Fears that Turkey’s Erdogan administration could move to replace the opposition mayors of Istanbul and Ankara with state-appointed trustees have eased following comments made by Interior Minister Suleyman Soylu on September 8.
Soylu last week threatened “to devastate” Istanbul Mayor Ekrem Imamoglu, of the main opposition Republican People’s Party (CHP), in response to his support for the ousted pro-Kurdish mayors of the cities of Diyarbakir, Van and Mardin. They were lately replaced with government appointees after officials cited allegations of connections between the Peoples’ Democratic Party (HDP) and Kurdish terrorists. It was partly thanks to HDP support that CHP candidates including Imamoglu were able to inflict stinging defeats on candidates backed by President Recep Tayyip Erdogan and his ruling Justice and Development Party (AKP) at the end of March and there have been mounting fears that they would similarly be removed from elected office on the basis of alleged official national security concerns .
But in a CNN Turk interview, Soylu said: “For Istanbul and Ankara, for such a thing to be in question [appointment of trustees as replacement mayors] is not possible.”
Ankara’s CHP mayor, Mansur Yavas, has joined Imamoglu in hitting out at the action taken against the three Kurdish mayors. Yavas’ poll victory was also an embarrassment for Erdogan but it is particularly Imamoglu—who went on to score a victory by a massive margin in an Istanbul revote in June, after his initial victory was cancelled by election watchdog officials after claims of polling station irregularities were raised by the president and his backers—who is deemed potential future presidential material and the biggest threat to Erdogan adding many more years to his near 17 years as Turkey’s leader.
Imamoglu labelled the move made against the Kurdish mayors illegal and undemocratic and called for it to be reversed. He visited two of the ousted mayors in Diyarbakir last month.
September 9 also saw Imamoglu dismiss Soylu’s threat to him as “upsetting” politics.
“It shouldn’t become a tradition in this country to blame someone without any judgment. It is against jurisdiction and law,” Imamoglu said.
“All of the 82 million people in Turkey are my citizens... What I did was in line with the law and for propagating the national sentiment to all around the country,” he said of his visit to Diyarbakir, according to Reuters.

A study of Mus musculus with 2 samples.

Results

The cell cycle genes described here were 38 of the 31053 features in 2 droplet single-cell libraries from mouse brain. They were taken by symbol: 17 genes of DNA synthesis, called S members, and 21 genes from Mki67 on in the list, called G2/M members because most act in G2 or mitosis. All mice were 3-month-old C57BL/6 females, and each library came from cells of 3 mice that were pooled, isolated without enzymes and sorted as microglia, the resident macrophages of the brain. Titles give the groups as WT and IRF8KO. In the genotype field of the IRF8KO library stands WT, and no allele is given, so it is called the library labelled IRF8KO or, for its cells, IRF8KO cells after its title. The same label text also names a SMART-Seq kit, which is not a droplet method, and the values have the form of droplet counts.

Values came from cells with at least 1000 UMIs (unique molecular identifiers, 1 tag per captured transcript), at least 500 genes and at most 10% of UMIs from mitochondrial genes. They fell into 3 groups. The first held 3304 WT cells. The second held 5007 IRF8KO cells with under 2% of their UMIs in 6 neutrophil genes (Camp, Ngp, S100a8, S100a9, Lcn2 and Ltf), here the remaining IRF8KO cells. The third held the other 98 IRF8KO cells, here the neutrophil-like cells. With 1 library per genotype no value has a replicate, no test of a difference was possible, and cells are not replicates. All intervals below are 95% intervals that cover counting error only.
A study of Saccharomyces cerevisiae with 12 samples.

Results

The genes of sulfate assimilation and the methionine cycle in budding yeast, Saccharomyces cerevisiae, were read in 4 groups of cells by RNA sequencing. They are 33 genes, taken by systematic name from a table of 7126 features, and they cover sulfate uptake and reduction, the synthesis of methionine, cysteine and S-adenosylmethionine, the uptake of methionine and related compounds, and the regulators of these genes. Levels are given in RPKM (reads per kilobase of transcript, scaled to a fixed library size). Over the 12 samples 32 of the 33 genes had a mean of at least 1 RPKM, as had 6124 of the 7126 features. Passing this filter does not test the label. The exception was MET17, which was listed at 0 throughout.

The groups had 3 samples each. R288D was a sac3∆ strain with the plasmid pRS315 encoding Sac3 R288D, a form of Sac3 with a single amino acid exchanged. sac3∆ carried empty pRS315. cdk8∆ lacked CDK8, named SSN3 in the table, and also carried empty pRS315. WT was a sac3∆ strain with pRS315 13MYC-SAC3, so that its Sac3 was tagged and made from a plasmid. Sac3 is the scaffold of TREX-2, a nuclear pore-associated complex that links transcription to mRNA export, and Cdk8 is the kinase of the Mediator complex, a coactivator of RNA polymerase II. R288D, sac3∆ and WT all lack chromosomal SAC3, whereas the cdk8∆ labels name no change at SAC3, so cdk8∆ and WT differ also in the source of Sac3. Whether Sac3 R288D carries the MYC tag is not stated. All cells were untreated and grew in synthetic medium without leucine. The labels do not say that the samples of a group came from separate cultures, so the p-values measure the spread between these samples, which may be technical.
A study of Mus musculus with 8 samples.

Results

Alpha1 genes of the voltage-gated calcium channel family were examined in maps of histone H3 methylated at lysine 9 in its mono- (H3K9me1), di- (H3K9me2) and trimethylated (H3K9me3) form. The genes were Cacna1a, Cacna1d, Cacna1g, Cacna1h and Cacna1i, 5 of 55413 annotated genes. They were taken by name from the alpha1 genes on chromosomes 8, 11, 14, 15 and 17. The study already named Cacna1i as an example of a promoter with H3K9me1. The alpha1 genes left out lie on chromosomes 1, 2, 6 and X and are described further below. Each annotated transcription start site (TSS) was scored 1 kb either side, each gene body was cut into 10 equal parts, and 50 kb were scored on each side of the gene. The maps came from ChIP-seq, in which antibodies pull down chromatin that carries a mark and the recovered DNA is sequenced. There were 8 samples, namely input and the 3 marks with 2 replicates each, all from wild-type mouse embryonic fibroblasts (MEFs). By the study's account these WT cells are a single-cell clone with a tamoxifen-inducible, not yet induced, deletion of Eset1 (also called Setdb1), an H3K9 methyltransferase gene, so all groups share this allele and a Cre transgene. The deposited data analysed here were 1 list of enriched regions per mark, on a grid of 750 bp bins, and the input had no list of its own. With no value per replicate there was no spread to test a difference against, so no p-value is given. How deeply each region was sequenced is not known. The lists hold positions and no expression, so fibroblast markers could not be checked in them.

Imamoglu exhibits ‘AKP’ cars
Imamoglu spoke at a press conference called to explain why Istanbul’s Metropolitan Municipality had collected and parked on the city’s Yenikapi Square hundreds of cars hired for official use by the previous AKP administration that ran the local authority. The exhibiting of the vehicles, said the mayor, demonstrated a huge squandering of public money.
Officials discuss with the media the hundreds of cars rounded up and parked on Yenikapi Square. (Picture credit: Istanbul Metrop. Munic.).
Before taking office, Imamoglu outlined in a June 3 tweet that the municipality had paid Turkish lira (TRY) 120mn for vehicles it didn’t need. He didn’t give details but appeared to imply that many cars were given to AKP members for private use.
“So this is how they squandered away our money,” Huseyin Kacar, a 68-year-old pensioner, was quoted as saying by Bloomberg as he observed the collection. “I’ve been trying to get by with 2,000 liras ($350) a month.”
The AKP, which together with predecessor parties held the Istanbul mayorship for around a quarter of a century prior to the Imamoglu victory, rejected the claim that the car rentals amounted to waste. “All of these are service vehicles used in the field,” Sabah newspaper cited Tevfik Goksu, a senior municipal official from the ruling party, as saying. Goksu accused Imamoglu of engaging in “black propaganda.”
Erdogan, who rose to prominence in national politics as a mayor of Istanbul, held rallies on the 670,000-square-metre Yenikapi Square during the Istanbul election and election rerun.
Opposition city chief jailed for insulting president
In another fight between the CHP and AKP over Istanbul politics, the CHP’s Istanbul chairwoman was last week sentenced to nearly 10 years in prison for insulting the president and spreading “terror propaganda”. Canan Kaftancioglu, 47, was convicted mainly over tweets which date back several years. She has said the charges were politically motivated and remains free pending an appeal.
Imamoglu told reporters that he believed the court ruling would be reversed higher courts.
Saying that he was saddened by the decision, he said: "There is no justice in this country. In Turkey, instead of listening to their conscience, judges look towards the palace [the President's office]."
He added that Kaftancioglu was sentenced "because of her success in Istanbul elections".